A gene has been identified that may have be responsible for hot flashes typically experienced during menopause. The identified gene may help explain why some women experience hot flashes – because they are genetically predisposed to.
The researchers uncovered gene variants that affect a brain receptor controlling the release of estrogen – and increase the risk of a woman experiencing hot flashes.
Principal investigator Dr. Carolyn Crandall said, “No previous studies have focused on how variants in women’s genes may be linked with hot flashes, and these results were highly statistically significant. These associations were similar across European-American, African-American, and Hispanic-American women, and they persisted even after we accounted for other factors that might influence hot flashes.”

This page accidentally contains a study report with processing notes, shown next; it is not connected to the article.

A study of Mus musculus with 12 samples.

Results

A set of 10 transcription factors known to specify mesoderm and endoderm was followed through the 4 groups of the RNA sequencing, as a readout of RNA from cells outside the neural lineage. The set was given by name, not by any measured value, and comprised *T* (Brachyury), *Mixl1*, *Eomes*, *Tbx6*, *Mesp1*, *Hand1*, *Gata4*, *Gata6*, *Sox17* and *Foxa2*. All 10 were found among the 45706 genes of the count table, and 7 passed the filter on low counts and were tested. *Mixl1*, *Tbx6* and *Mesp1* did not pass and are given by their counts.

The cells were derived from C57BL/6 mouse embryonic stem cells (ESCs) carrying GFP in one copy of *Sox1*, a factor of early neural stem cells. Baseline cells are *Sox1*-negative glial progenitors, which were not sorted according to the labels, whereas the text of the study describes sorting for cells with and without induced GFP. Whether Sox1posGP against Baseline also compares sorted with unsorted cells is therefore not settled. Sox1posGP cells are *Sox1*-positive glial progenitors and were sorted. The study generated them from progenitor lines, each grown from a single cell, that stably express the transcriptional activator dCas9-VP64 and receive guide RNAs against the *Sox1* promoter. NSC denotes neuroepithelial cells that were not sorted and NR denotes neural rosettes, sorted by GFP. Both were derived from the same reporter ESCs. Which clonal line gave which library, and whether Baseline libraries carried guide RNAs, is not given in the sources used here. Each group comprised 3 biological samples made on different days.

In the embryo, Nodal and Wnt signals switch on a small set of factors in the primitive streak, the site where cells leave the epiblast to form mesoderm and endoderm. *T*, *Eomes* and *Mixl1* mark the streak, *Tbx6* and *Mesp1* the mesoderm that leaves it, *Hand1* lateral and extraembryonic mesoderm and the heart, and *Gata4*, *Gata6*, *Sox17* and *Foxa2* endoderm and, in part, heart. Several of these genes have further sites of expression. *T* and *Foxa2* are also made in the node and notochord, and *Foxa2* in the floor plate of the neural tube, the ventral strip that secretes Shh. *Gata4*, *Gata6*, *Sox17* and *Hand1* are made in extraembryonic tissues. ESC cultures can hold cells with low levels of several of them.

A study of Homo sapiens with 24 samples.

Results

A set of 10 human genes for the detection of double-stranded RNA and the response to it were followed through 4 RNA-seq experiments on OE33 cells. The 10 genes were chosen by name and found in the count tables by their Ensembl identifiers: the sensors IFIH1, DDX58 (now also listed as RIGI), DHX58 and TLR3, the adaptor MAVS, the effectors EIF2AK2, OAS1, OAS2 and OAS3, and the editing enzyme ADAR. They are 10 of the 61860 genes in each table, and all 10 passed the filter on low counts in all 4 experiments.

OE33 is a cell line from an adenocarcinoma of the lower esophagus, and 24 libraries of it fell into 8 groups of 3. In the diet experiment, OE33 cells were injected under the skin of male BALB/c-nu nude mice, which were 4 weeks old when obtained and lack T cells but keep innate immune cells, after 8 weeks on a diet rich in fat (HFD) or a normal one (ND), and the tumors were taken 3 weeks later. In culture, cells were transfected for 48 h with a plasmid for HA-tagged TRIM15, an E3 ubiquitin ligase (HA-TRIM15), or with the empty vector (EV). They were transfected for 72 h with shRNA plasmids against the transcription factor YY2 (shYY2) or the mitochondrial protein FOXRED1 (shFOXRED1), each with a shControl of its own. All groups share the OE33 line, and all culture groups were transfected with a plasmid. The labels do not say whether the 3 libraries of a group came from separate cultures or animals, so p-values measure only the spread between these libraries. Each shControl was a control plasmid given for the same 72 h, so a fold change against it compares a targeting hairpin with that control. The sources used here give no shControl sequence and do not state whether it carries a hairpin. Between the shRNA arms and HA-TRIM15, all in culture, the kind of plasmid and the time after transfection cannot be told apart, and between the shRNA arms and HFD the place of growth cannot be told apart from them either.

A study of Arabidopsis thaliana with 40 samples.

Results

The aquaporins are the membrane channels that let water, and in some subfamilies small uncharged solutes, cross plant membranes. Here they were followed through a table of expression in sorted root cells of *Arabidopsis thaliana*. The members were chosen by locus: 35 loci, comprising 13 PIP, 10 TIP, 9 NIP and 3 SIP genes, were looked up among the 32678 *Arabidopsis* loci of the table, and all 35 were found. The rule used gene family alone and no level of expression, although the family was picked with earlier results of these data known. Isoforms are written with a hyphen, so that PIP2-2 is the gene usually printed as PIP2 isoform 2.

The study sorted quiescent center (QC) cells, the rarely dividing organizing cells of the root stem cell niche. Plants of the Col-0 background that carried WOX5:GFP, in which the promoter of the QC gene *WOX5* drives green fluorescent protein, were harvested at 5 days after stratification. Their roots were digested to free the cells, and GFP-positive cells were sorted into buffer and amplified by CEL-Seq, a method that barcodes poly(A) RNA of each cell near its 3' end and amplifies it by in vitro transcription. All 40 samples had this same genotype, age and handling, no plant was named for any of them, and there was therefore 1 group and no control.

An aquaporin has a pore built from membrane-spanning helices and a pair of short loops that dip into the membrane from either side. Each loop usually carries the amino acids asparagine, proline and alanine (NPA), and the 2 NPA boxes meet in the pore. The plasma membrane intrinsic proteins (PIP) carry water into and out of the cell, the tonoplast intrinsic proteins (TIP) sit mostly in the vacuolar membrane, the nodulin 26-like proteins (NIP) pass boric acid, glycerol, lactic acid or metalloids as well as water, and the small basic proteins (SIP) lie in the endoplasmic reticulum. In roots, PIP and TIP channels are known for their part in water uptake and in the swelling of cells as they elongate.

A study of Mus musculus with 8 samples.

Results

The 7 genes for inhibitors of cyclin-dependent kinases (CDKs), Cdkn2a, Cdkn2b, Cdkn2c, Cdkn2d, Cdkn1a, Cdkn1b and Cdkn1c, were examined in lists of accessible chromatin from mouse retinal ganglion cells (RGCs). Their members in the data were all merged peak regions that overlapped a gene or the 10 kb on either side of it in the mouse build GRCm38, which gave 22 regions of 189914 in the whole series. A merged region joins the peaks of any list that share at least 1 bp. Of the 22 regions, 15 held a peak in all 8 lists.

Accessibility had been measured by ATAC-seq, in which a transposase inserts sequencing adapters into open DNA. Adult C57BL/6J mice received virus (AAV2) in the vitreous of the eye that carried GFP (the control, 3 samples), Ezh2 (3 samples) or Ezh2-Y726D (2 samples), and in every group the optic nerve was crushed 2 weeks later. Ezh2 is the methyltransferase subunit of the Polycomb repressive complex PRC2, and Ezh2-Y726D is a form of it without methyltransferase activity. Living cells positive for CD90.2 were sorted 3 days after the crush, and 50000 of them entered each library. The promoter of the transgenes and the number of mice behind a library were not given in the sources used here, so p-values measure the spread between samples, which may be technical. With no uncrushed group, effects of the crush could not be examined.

The researchers studied an entire human genome to identify links between gene variations and hot flashes. Genetic information was collected from 17,695 postmenopausal women, taking into account their experiences of hot flashes or night sweats.
The researchers looked at over 11 million gene variants and found 14 that are associated with hot flashes. These variants are mainly located in chromosome 4 which encodes specific brain receptor – tachykinin receptor 3 – that interacts with nerve fibers involved in estrogen release.
The researchers suggest that their findings may help uncover more effective treatments for hot flashes, but further research is required to better understand how the gene variants affect hot flashes.